Can Dendreon Cure Its 52-Week-Low Woes?

Shares of Dendreon (NAS: DNDN) hit a 52-week low yesterday. Let's take a look at how the company got here to find out whether cloudy skies remain on the horizon.

How it got here
Anyone following the saga of Dendreon's Provenge prostate-cancer drug knows that the company's problems exploded into the open last summer with the quarterly earnings report from hell. The stock's been stuck in a rut since guidance released at the time sent shares plummeting 65%.

Current and future competition from Johnson & Johnson's (NYS: JNJ) Zytiga and Medivation's (NAS: MDVN) MDV3100 have certainly contributed to depressed share prices, but what keeps hurting the stock is bad news after bad news tied to a string of weak quarterly results. A new CEO hasn't helped yet, and the high cost of Provenge treatments comes in a very short time frame for doctors, which has been one of the longer-running concerns surrounding Dendreon's growth prospects.

Dendreon is one of the worst-performing biotech drugmakers over the past year, and it must smart for shareholders to see competitor Medivation soar while their shares keep sinking:

DNDN Total Return Price Chart
DNDN Total Return Price Chart

DNDN Total Return Price data by YCharts

What you need to know
Since we're dealing with biotechs (except for J&J) as competition, standard measures like P/E ratios and net margins don't always apply. In this case, let's look at how Dendreon fares relative to its peers in some high-growth metrics.


P/S Ratio

3-Year Annualized Revenue Growth

Gross Margin (TTM)





Johnson & Johnson








Spectrum Pharmaceuticals (NAS: SPPI)




Exelexis (NAS: EXEL)




Source: Morningstar.

Medivation's and Exelexis' perfect gross margins are the result of collaborations and licensing out drugs in their pipelines, making 2011 into Exelixis' first profitable year ever, while Medivation has yet to turn a profit. If they can get their drugs approved, gross margins will come down, but hopefully bring consistent profitability with them. Spectrum's 39% net margin is the envy of many biotechs, but it's a recently profitable company that risks flopping if generic drugs reclaim ground against its high-margin cancer treatments after being in short supply. All of these cancer drugmakers have higher price-to-sales ratios than Dendreon, reflecting greater investor confidence in their long-term success.

Dendreon may have a silver lining, but it's faint. Biotech Fool Brian Orelli hypothesizes that Provenge might be used in conjunction with, rather than simply being replaced by, J&J's Zytiga. The market hasn't reflected that weak optimism yet, and there hasn't been real evidence that it will.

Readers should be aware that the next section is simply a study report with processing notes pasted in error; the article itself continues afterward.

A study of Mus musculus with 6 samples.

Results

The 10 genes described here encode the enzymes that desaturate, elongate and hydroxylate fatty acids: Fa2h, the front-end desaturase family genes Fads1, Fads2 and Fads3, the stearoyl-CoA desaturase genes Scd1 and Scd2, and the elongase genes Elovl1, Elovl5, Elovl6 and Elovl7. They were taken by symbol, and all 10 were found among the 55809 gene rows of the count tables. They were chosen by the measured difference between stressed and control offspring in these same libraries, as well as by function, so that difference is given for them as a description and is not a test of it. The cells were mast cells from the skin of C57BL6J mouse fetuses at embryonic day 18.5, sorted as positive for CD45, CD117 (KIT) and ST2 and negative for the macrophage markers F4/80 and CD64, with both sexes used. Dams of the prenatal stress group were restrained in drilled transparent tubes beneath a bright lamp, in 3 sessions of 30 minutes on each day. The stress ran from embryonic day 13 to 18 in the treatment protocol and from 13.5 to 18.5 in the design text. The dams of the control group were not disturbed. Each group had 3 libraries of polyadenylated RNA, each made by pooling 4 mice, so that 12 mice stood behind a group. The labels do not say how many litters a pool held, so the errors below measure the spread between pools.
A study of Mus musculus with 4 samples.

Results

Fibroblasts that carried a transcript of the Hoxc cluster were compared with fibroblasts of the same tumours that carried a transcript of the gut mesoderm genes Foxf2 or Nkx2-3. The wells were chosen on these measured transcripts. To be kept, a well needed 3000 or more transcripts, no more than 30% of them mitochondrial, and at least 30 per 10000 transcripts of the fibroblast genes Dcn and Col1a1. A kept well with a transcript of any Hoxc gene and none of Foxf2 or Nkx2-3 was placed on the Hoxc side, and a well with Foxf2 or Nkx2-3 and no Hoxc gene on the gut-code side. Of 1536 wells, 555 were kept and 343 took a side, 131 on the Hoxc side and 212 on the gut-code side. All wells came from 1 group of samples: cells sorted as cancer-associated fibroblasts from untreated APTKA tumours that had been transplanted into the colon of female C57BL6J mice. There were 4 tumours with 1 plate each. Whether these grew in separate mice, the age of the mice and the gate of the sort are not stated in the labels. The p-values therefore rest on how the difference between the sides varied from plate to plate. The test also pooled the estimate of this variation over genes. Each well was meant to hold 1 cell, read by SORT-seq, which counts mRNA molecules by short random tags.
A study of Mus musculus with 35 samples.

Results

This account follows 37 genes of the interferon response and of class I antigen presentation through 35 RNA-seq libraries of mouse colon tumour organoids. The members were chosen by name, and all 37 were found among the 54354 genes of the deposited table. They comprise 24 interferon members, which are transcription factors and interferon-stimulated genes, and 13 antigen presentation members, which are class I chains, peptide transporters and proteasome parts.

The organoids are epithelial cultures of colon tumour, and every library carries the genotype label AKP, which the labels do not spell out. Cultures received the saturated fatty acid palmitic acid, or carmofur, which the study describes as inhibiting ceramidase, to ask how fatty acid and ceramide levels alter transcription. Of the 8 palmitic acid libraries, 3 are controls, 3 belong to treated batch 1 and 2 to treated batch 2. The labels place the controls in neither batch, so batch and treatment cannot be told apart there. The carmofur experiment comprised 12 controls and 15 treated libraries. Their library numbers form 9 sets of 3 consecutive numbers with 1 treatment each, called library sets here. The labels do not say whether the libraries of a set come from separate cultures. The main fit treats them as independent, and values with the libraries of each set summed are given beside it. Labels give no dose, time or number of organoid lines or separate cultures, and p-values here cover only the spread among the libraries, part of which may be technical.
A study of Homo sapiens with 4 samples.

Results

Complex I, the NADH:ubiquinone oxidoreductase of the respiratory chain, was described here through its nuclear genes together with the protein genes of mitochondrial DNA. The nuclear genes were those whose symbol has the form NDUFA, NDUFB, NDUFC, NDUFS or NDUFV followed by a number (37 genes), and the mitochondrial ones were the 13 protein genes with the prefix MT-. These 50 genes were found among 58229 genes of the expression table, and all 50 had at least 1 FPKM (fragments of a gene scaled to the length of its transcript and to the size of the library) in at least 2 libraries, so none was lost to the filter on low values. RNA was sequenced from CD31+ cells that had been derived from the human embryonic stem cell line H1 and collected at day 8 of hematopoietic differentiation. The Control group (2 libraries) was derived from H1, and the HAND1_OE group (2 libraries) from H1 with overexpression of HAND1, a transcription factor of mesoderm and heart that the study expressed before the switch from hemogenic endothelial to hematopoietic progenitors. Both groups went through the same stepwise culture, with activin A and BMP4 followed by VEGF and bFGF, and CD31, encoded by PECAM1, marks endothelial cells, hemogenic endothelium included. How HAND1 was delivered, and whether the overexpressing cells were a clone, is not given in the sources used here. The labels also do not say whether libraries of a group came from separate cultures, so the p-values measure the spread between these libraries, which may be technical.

What's next?
Where does Dendreon go from here? That will depend, at least for now, on Provenge finding an important place in more prostate-cancer treatments. The Motley Fool's CAPS community has given Dendreon a three-star rating, and a number of All-Star CAPS players are wary of its potential. Just over half the Wall Street analysts the Fool tracks on CAPS are Dendreon bulls, but none of them have seen positive results from their outperform calls.

Interested in tracking this stock as it continues on its path? Add Dendreon to your Watchlist now for all the news we Fools can find, delivered to your inbox as it happens. If you're looking for a medical stock with huge potential, take a look at the Fool's free report on one rule-breaking multibagger handpicked by Fool co-founder David Gardner. Get all the information you need now -- just click here for your free report.

At the time thisarticle was published Fool contributor Alex Planes holds no financial position in any company mentioned here. Add him on Google+ or follow him on Twitter @TMFBiggles for more news and insights. The Motley Fool owns shares of Johnson & Johnson, Exelixis, and Dendreon. Motley Fool newsletter services have recommended buying shares of Exelixis and Johnson & Johnson. Motley Fool newsletter services have recommended creating a diagonal call position in Johnson & Johnson. The Motley Fool has a disclosure policy.We Fools may not all hold the same opinions, but we all believe that considering a diverse range of insights makes us better investors. Try any of our Foolish newsletter services free for 30 days.